GUSTINE - A proposal to establish a cannabis cultivation facility and dispensary on the Highway 33/140 corridor will go to the city’s Planning Commission next week.

City Manager Doug Dunford said the applicant, Tip Top Farms, is proposing to establish the facility at 377 Fourth St., a property which in the past has housed a tire shop and auto parts store.

The city has been studying the issue of allowing commercial cannabis activities in earnest for the past year.

The Tip Top Farms application initially did not include a retail sales component, according to prior reports, but has since been amended to include a dispensary. Dunford said Robert Villalobos, a local businessman, is the primary applicant and would manage the enterprise.

Dunford said staff will present a comprehensive proposal to the commission for consideration which includes every element required to approve the cannabis operation. That includes recommendations for approval of changes to the municipal code, a zoning code amendment, conditional use permit, development agreement and operating agreement.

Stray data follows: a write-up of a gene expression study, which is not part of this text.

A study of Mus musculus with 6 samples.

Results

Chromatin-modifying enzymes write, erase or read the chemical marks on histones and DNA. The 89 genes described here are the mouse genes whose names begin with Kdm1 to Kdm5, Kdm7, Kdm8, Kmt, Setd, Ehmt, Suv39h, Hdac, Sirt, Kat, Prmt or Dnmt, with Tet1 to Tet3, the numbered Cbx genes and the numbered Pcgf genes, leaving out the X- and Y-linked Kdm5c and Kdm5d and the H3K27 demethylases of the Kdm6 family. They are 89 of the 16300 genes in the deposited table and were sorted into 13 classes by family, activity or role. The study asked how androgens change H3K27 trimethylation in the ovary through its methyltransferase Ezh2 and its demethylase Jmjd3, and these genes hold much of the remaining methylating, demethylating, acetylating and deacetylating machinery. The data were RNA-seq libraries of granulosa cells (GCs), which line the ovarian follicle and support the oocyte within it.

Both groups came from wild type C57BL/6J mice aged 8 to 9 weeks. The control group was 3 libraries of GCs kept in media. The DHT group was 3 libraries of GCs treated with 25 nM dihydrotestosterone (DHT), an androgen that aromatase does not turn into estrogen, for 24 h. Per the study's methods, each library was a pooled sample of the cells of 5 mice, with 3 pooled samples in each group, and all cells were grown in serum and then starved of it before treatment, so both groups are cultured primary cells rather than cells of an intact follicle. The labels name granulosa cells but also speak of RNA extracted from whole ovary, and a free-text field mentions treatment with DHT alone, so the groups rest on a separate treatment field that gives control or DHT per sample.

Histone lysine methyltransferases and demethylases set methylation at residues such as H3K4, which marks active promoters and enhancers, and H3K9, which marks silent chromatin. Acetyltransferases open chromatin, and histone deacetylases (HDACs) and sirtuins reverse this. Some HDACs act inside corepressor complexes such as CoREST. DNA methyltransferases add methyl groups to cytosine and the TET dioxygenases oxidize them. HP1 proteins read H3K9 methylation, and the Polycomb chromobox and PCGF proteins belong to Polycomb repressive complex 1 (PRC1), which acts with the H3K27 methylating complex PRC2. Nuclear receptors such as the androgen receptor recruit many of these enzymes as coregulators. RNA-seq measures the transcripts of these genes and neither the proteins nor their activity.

“It is one staff report but five separate decisions,” Dunford told Mattos Newspapers.

Dunford said the applicant and a consulting firm hired by the city worked for months to negotiate a development agreement which, in part, spells out the city’s share of revenues from the business, and an operating agreement which spells out strict conditions of approval.

“The development agreement, conditional use permit and operating permit are all very restrictive, as are the state of California (regulations),” Dunford said.

Dunford said he is comfortable recommending approval of a proposal which includes the retail sales.

“I think it is more beneficial. I think that for the city’s sake in terms of budgeting, it can make a significant difference,” he commented. “With a grow you are going to have a set amount that you can count on. With a dispensary, you are going to establish a baseline and watch that grow. I believe it would be beneficial for the city to move this project forward.”

Dunford said the projected revenues to the city are $400,000 to $500,000 annually to start.

He said staff has reached out to other communities with dispensaries and has received no reports of the establishments being linked to significant problems.

The Planning Commission will hold a public hearing on the application Wednesday, Aug. 7, at 6:30 p.m. at City Hall, and will then be asked to make a recommendation to the City Council, which has the final say on the proposal.

The application, along with whatever recommendation is reached by the Planning Commission, will go to the City Council for consideration in September.